Introducing Snallygaster - a Tool to Scan for Secrets on Web Servers


A few days ago I figured out that several blogs operated by T-Mobile Austria had a Git repository exposed which included their wordpress configuration file.

Due to the fact that a phpMyAdmin installation was also accessible this would have allowed me to change or delete their database and subsequently take over their blogs.

Git Repositories, Private Keys, Core Dumps

Last year I discovered that the German postal service exposed a database with 200.000 addresses on their webpage, because it was simply named dump.sql (which is the default filename for database exports in the documentation example of mysql).
An Australian online pharmacy exposed a database under the filename xaa, which is the output of the "split" tool on Unix systems.

It also turns out that plenty of people store their private keys for TLS certificates on their servers - or their SSH keys.
Crashing web applications can leave behind coredumps that may expose application memory.

For a while now I became interested in this class of surprisingly trivial vulnerabilities:
People leave files accessible on their web servers that shouldn't be public.
I've given talks at a couple of conferences (recordings available from BornhackSEC-TDriving IT).
I scanned for these issues with a python script that extended with more and more such checks.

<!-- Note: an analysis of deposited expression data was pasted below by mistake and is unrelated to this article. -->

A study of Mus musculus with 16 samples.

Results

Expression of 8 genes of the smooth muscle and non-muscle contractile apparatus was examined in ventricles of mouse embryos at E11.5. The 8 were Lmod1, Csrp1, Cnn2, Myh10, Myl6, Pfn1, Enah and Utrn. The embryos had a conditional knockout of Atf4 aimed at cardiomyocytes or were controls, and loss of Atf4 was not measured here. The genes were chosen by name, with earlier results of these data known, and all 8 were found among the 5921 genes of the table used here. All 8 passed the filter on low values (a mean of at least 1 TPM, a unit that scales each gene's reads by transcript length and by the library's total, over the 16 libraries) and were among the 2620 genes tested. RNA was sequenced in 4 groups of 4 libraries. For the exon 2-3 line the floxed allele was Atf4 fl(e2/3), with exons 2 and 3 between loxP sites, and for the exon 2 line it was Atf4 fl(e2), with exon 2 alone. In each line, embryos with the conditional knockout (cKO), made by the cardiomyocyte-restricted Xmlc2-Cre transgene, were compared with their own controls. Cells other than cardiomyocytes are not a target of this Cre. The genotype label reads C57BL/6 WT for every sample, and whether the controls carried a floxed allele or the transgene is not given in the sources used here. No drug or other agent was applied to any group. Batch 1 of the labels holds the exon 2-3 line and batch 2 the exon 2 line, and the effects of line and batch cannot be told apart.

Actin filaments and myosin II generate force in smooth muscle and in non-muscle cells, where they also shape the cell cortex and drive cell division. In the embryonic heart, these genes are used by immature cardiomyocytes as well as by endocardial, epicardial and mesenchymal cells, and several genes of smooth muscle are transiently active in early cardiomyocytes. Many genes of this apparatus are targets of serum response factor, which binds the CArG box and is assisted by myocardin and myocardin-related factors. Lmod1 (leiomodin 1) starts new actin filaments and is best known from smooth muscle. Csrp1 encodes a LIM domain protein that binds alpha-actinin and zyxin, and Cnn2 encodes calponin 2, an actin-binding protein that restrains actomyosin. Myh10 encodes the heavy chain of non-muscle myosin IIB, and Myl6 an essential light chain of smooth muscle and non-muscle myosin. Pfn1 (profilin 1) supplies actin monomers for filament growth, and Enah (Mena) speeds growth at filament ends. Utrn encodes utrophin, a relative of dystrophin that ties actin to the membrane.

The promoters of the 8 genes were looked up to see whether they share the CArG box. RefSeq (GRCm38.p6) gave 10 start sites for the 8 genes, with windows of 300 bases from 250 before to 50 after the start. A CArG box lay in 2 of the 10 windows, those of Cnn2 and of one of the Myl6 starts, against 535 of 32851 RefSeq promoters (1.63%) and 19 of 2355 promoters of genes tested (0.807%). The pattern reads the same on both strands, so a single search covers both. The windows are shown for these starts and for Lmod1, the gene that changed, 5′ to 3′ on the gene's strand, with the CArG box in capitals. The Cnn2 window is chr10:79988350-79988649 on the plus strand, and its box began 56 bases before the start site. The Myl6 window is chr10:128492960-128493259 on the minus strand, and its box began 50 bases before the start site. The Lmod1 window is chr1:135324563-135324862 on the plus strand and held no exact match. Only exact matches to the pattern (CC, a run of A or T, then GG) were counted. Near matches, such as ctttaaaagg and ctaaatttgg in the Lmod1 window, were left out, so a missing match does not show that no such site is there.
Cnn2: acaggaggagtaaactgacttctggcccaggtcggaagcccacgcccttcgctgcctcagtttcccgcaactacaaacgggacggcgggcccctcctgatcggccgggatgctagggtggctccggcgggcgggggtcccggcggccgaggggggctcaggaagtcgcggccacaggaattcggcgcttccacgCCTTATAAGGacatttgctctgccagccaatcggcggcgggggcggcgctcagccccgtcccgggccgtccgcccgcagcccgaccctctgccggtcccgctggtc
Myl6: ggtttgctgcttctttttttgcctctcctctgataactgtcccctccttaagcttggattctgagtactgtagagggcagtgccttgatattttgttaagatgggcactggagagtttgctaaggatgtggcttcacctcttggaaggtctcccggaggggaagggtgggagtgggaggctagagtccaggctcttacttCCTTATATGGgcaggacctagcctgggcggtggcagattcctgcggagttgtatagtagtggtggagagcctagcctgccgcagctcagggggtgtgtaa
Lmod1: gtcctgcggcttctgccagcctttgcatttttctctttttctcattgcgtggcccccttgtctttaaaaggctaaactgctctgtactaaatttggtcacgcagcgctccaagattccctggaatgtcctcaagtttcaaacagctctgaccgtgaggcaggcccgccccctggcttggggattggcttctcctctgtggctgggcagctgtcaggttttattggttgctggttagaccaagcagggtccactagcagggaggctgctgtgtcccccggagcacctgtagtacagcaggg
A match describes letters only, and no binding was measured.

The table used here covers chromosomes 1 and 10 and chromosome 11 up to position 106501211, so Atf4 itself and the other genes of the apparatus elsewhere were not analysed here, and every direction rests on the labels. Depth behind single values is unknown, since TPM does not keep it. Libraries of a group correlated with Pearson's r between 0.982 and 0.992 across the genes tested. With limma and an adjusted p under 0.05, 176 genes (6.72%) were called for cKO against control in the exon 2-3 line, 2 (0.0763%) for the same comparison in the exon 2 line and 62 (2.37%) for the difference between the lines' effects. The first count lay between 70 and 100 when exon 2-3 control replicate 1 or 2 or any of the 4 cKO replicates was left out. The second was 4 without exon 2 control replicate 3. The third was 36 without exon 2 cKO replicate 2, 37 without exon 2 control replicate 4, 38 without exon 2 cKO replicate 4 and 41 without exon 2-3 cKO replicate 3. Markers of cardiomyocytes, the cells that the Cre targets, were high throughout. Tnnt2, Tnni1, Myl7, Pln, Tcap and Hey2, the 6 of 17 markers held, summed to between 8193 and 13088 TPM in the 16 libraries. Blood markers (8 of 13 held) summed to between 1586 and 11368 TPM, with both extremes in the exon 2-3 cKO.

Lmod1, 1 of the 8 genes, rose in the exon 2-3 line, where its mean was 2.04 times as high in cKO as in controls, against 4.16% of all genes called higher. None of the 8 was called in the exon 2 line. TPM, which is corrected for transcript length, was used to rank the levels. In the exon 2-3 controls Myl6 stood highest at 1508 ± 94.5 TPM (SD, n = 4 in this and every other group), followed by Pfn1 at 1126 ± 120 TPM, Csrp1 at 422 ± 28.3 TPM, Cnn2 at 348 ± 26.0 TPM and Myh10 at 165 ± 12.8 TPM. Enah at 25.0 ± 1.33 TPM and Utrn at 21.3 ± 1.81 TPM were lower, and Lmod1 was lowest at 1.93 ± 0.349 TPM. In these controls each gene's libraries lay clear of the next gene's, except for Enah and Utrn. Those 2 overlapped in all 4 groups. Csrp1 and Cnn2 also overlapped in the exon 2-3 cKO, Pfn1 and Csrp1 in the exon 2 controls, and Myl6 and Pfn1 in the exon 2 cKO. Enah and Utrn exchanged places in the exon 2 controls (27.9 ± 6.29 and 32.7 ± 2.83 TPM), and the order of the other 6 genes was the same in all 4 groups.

Scan your Web Pages with snallygaster

It's taken a bit longer than intended, but I finally released it: It's called Snallygaster and is available on Github and PyPi.

Apart from many checks for secret files it also contains some checks for related issues like checking invalid src references which can lead to Domain takeover vulnerabilities, for the Optionsleed vulnerability which I discovered during this work and for a couple of other vulnerabilities I found interesting and easily testable.

Some may ask why I wrote my own tool instead of extending an existing project. I thought about it, but I didn't really find any existing free software vulnerability scanner that I found suitable. The tool that comes closest is probably Nikto, but testing it I felt it comes with a lot of checks - thus it's slow - and few results.

I wanted a tool with a relatively high impact that doesn't take forever to run. Another commonly mentioned free vulnerability scanner is OpenVAS - a fork from Nessus back when that was free software - but I found that always very annoying to use and overengineered.
It's not a tool you can "just run". So I ended up creating my own tool.

A Dragon Legend in US Maryland

Finally you may wonder what the name means.
The Snallygaster is a dragon that according to some legends was seen in Maryland and other parts of the US.
Why that name? There's no particular reason, I just searched for a suitable name, I thought a mythical creature may make a good name.
So I searched Wikipedia for potential names and checked for name collisions.
This one had none and also sounded funny and interesting enough.

I hope snallygaster turns out to be useful for administrators and pentesters and helps exposing this class of trivial, but often powerful, vulnerabilities. Obviously I welcome new ideas of further tests that could be added to snallygaster.